Too Great For Words
No one said a word to Job, for they saw that his suffering was too great
for words (v.13).
The pot roast was still steaming in the pan as I
arranged carrots, onions, and potatoes around its
perimeter and then ladled broth over the whole
creation. I nestled it into a basket along with some
bread, fruit salad, and cookies for dessert. The meal was
for a family in our church that was grieving a deeply
painful loss. My heart was heavy as I loaded everything
into my car. I rehearsed what I might say to the family
members, but nothing seemed appropriate.
It’s difficult to know how to comfort hurting people.
When Job’s children died and his wealth and health
vanished, three of his friends tried to ease his sadness.
To show their support, they “traveled from their homes to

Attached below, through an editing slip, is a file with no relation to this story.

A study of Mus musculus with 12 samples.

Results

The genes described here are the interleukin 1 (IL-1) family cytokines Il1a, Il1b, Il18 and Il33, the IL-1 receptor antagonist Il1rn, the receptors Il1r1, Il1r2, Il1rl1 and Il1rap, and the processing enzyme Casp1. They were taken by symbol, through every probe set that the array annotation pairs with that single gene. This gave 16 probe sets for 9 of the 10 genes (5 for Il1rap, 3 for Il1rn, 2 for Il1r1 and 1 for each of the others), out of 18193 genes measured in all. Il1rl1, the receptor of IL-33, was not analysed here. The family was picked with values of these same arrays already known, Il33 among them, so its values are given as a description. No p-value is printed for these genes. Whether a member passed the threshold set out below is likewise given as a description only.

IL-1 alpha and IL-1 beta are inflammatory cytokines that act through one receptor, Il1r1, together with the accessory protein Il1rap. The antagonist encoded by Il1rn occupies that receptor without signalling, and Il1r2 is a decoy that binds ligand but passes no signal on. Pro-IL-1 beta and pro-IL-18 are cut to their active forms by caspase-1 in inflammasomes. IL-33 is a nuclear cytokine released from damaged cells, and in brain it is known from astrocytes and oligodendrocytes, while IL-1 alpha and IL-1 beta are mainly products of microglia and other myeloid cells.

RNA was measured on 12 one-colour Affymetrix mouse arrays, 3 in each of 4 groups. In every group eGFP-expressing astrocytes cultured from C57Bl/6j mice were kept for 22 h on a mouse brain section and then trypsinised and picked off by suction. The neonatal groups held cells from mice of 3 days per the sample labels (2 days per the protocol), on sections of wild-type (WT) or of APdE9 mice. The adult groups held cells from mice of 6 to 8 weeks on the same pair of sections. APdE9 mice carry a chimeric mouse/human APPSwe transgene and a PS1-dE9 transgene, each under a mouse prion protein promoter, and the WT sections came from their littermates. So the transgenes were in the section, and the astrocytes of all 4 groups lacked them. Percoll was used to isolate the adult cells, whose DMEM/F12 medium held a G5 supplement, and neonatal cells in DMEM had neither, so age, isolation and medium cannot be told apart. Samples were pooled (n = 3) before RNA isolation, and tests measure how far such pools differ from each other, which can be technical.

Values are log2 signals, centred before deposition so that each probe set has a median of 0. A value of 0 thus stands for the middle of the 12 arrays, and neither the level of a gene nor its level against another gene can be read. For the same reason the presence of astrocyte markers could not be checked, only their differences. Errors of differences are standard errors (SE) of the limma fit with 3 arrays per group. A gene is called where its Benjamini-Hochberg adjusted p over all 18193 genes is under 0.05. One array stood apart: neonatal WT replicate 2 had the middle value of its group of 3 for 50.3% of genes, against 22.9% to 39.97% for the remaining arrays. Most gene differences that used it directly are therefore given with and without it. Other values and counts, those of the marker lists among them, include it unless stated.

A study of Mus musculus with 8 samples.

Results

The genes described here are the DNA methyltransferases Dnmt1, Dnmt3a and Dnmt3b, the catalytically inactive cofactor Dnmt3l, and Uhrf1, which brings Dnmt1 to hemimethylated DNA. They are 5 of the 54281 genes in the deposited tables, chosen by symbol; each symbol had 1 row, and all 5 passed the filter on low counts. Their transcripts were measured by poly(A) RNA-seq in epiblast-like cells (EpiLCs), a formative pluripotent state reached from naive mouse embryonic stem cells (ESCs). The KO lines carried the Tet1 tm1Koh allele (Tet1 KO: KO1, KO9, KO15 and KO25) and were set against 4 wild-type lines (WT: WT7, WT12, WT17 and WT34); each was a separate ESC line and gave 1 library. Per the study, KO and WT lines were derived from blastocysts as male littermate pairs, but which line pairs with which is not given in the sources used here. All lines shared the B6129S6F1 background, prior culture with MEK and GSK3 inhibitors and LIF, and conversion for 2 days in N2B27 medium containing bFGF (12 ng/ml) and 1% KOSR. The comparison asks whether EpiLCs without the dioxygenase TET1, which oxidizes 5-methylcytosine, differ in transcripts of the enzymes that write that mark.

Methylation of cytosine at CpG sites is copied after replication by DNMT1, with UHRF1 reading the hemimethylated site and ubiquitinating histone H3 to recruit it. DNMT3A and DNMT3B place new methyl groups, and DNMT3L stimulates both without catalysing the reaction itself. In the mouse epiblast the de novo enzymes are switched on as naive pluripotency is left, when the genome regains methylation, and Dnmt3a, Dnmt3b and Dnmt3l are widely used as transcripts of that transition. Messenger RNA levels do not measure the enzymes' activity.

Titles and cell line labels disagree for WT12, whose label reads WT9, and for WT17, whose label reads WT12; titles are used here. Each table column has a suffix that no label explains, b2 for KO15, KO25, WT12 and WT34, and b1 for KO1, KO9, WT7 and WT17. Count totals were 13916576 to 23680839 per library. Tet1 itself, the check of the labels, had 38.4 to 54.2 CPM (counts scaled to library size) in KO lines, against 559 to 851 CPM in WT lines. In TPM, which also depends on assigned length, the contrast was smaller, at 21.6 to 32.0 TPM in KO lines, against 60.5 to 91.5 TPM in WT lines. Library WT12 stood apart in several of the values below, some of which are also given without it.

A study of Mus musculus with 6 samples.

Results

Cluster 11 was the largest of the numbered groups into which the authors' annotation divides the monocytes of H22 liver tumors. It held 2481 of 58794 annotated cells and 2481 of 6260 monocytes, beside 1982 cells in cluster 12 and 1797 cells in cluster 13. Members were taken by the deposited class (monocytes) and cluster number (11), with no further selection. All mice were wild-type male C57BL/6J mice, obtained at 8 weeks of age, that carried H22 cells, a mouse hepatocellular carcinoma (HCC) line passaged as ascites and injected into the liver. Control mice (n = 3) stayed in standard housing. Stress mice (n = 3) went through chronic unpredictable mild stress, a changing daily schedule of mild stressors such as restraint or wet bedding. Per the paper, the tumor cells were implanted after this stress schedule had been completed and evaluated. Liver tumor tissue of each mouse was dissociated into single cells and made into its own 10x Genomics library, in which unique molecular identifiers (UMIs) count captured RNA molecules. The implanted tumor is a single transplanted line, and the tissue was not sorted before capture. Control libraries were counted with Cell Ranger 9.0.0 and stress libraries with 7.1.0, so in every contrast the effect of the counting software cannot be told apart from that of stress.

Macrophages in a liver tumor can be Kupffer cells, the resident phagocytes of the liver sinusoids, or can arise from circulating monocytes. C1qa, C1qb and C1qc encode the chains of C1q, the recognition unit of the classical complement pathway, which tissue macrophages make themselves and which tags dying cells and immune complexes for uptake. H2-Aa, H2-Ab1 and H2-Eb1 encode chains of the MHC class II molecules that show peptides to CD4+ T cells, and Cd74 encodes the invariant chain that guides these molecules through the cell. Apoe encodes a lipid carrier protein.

comfort and console him” (v.11). Sometimes, just being
present communicates care to heartbroken people.
The Bible also calls us to empathize with those in
pain—to “weep with those who weep” (Romans 12:15).
Job’s friends approached him wailing loudly. “They tore
their robes . . . to show their grief. Then they sat on the
ground with him for seven days and nights” (Job 2:12-
13). They were willing to meet Job in the valley of his
sorrow and become “likeminded” with him.
As they mourned together, no one said a word to
Job because they saw that his suffering was “too great
for words” (v.13). Being silent reduces the chance that
we’ll say the wrong thing—which Job’s buddies did later
on. Their words were so upsetting that Job exclaimed, “Listen . . . to what I am
saying. That’s one consolation you can give me” (21:2). Listening to people lets
them know we care.
If you know someone who is grieving, drop by for a visit, engage in their pain,
and listen when they’re ready to talk. God can use you to bless those who mourn,
so that they will be comforted (Matthew 5:4). —Jennifer Benson Schuldt
What might prevent you from reaching out to hurting people? What
are some ways you could communicate God’s love to a grieving friend?